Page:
Date of Completion
riverscape genetics; Brook Trout; fisheries conservation; aquatic connectivity
Dr. Jason Vokoun
Dr. Amy Welsh
Dr. Chadwick Rittenhouse
Dr. Benjamin Letcher
Dr. Andrew Whiteley
Field of Study
Natural Resources: Land, Water, and Air
Doctor of Philosophy
Contemporary Brook Trout Salvelinus fontinalis populations are often fragmented due to anthropogenic influences. Although research and conservation actions have traditionally focused at the stream-reach level, inter-stream movements may connect seemingly isolated populations to form larger metapopulations. The overall goal of my research was to use watershed-level riverscape genetics to inform Brook Trout conservation. Specifically, my objectives were to 1) present a synthesis of existing Brook Trout literature and identify future research directions, 2) evaluate Brook Trout genetic population structuring and identify gene flow barriers at the watershed level, 3) validate and modify a pre-existing Brook Trout habitat patch spatial layer that can be used to predict extant Brook Trout metapopulations, and 4) develop decision support tools to identify Brook Trout conservation opportunity areas (COAs) at watershed levels.
Using empirical data, I found evidence of genetic connectivity among streams spanning 5 – 15 km of mainstem habitat. Watersheds with high levels of development were associated with increased differentiation, suggesting that development acts a barrier to gene flow at the watershed level. The pre-existing patch layer adequately predicted many genetic metapopulations, however patches with dams or high levels of development often exhibited higher levels of genetic structuring. Modifying the patches reduced evidence of genetic structuring, which suggested a better representation of existing genetic patterns. Using the set of COA tools, I identified patches and watersheds across Connecticut to target for specific conservation actions. Simulating barrier removals, I found rapid (1 - 10 years) increases in genetic diversity, however barrier severity and monitoring location strongly influenced the observed effects.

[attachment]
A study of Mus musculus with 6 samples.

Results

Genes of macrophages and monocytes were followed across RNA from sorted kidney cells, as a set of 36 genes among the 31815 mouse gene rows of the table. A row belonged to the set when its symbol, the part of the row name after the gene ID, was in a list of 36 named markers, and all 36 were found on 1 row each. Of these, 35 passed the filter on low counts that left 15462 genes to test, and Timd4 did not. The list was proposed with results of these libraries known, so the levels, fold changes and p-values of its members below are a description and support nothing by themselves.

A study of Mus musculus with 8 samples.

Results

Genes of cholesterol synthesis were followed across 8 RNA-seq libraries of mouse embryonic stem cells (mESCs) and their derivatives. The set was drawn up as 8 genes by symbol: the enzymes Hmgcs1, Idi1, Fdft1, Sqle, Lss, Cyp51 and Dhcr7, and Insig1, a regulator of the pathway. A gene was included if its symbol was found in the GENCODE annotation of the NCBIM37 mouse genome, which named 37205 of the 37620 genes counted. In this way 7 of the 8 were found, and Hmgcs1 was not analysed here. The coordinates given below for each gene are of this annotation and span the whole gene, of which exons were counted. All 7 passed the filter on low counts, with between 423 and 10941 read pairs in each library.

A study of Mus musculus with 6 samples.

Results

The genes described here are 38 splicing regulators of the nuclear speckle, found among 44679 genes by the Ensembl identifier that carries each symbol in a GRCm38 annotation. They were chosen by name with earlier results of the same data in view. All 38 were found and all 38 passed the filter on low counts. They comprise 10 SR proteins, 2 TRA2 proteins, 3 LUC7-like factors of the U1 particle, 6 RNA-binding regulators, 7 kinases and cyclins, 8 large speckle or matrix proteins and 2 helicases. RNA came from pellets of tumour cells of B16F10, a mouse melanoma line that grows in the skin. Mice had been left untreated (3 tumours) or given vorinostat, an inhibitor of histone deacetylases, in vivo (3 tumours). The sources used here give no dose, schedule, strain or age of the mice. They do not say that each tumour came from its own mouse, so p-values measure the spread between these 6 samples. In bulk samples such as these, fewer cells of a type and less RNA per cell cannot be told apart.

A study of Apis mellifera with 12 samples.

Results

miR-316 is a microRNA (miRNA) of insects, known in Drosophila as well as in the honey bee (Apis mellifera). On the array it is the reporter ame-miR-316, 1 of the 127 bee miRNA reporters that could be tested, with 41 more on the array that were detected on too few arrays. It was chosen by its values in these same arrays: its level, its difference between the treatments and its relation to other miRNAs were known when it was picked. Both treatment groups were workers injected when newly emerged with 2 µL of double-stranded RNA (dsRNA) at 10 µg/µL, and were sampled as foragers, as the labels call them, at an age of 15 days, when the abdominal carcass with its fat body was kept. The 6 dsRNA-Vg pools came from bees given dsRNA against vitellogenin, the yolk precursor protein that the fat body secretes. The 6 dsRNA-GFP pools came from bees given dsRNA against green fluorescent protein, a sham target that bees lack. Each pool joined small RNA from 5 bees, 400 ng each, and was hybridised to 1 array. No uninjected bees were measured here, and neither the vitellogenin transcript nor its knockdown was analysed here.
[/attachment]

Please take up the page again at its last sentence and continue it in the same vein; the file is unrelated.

Through this research, I have demonstrated that Brook Trout, despite being isolated by “unsuitable” mainstem habitat, exist in metapopulations at the watershed level. Such dynamics are important for long term population viability, and thus conservation actions should take watershed-level processes into consideration. Using the modified patch layer and the set of COA tools I developed as part of this research, resource managers can visualize and identify areas across broad landscapes to target for Brook Trout conservation. Doing so will promote the long-term resilience and adaptive potential of Brook Trout metapopulations.
Nathan, Lucas, "Conservation Applications of Watershed-Level Brook Trout Riverscape Genetics" (2018). Doctoral Dissertations. 1906.